At 97 years of age, Wyndham Vale’s Eric Johnston has seen it all. The former World War II prisoner of war sat down with Adem Saban to reflect on his time overseas and the years that followed.

 

Tell me about life for you before the war.

I was born in Melbourne, and then moved to Altona. I met the love of my life Vera, but had no money to marry her. I had to sell my bike to get some money. We were married – and that’s when the war broke out. Straight to war I went.

 

Can you tell me a bit about your involvement in World War II?

I was a signaller responsible for the communications lines in Malaya when the Japanese occupied the land. Our frontline was the jungle of Malaya, but I was based in Singapore. One day the Japanese were getting closer to us, and we didn’t have the manpower they did, so we began to retreat back into Singapore. That’s when we were captured by the Japanese.

 

What followed your capture?

We were thrown into Changi prison, where we stayed for four years.

 

What was life like as a prisoner?

We were made to work for the Japanese. I spent two years working in the warehouses, and then was sent off to build the Thailand-Burma railway. (Also known as the Death Railway – a 415-kilometre railway built by more than 60,000 prisoners of war during WWII. A total of 2802 Australians died building the railway). I was based near River Kwai and Hellfire Pass over the two-year period. At night, we would return to Changi.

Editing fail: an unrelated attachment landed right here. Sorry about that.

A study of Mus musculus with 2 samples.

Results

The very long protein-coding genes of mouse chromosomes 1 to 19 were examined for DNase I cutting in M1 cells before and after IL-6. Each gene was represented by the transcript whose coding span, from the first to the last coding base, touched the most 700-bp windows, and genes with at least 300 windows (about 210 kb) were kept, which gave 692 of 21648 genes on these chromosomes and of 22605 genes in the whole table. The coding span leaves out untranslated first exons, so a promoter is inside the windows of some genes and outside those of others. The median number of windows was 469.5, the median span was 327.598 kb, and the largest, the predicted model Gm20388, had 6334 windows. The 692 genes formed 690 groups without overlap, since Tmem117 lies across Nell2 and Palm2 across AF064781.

What were the conditions like?

The nutrition was very poor. All we ate each day was breakfast and dinner … only a bowl of rice. For protein, we used to put whatever we could find in it. We added a lot of grubs and cockroaches. The Japanese were brutal. We did not want to get sick. If we got sick, we knew we wouldn’t get better – we’d die. We witnessed some horrible things, like beheadings.

 

How did you keep your spirits high in such difficult circumstances?

There was plenty to keep us going. We used to hold concerts amongst ourselves. It was excellent. Then we would play cards, too, which was great. The prisoners shared a really great mateship. It really helped us to get through what we got through.

 

What happened after the end of the war?

When the Japanese surrendered, I came back to Australia. I spent nine months in hospital and then began working with the forestry commission. I was reunited with Vera and we had our first daughter Gail. Another four kids followed Gail.

 

What is life like today?

I live alone in Wyndham Vale and catch the bus when I need to go somewhere. My daughter, Gail, lives nearby and helps out. I keep active by walking one kilometre each day, and love the bowls, golf and Collingwood Football Club.